Officials at Westminster Public Schools breathed a sigh of relief Aug. 24, learning that their test scores had improved enough to have increased their state rating. “We’ve been working very hard, …
“We’ve been working very hard, and the school district has done quite well on the High Stakes Assessment in Colorado,” said Superintendent Dr. Pam Swanson. “We are no longer on the accountability clock, we have risen above that. We are awfully proud of our staff and students.”
Since Westminster Public School district adopted a competency-based education system in 2009, they have received the lowest rating from the Colorado Department of Education and have been threatened with state sanctions if their scores did not improve.
The district was placed on an “accountability clock,” and faced having their district be taken over by a charter program, outside management or consolidation with another district as part of the sanctions imposed.
School officials received word from the state August 23 that the district had improved enough to be taken off the accountability clock, and had been upgraded to an “improvement” status with the CDE.
According to Swanson, the school’s model of competency-based education can’t be effectively judged by the traditional testing models of CDE, and changing their rating amounted to jumping through hoops to satisfy the state standards.
“The accountability system in Colorado is very traditional, and it doesn’t really show where our kids are. In spite of that, we still have upward progress in the metro area,” said Swanson. “This is one of the proudest moments academically in our district’s history.”
Swanson said the difference in WPS and the competency-based education system, is that students are not judged only by their grade level.
“We may have a fourth grader reading at a fifth-grade level, but doing math at a third-grade level. We don’t wait a year to move them up,” said Swanson. “We are one of the largest districts in the country to have implemented a competency-based system.”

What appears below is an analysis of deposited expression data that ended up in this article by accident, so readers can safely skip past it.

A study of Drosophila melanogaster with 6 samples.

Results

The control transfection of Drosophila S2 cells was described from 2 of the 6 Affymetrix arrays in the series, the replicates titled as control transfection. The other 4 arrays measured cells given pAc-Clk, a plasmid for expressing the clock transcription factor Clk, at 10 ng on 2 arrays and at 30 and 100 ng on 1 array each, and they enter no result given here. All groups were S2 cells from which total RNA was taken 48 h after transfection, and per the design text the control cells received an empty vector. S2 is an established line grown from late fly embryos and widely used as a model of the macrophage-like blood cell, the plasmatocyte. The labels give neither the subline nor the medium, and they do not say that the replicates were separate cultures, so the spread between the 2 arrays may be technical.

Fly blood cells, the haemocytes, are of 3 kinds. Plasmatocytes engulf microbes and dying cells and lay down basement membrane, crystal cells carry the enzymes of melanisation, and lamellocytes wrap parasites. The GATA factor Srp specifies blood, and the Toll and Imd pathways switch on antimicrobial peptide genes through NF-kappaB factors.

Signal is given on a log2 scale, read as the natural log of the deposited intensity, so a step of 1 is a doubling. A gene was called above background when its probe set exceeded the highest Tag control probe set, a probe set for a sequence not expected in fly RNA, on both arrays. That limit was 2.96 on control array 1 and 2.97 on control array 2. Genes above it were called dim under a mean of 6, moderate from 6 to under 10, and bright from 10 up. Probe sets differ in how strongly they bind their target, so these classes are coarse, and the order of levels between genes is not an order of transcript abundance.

Chief Education Officer for WPS Dr. Oliver Grenham, said the state has made it difficult to meet their criteria, including changing tests several years ago, which make it difficult to judge the growth of students.
“The one thing about our growth is that it’s not just some students who grow, it’s all of them,” said Grenham. “Special education students have grown over time, as well as English language learners. Our trajectory is a continuous upward line. We’re showing definite progress, but the state accountability system is at odd words with our system. We have continued to implement our model while working on the state requirement.”
WPS officials see the new assessment as a win that will continue to make a difference in the growth of their students, and celebrated the announcement with a celebration at Westminster High school, with student performances, music and refreshments.
“Last year I issued a performance challenge to all of our staff, and we knew this would be our year,” said Swanson. “It was like going to a Broncos game with all the lights and music and excitement. We will continue to push forward, and I believe now that we have the right momentum. If the rules at the state stay the same we’ll continue to see this line go up again next year. It would be nice to get to the top of the mountain in spite of the barriers.”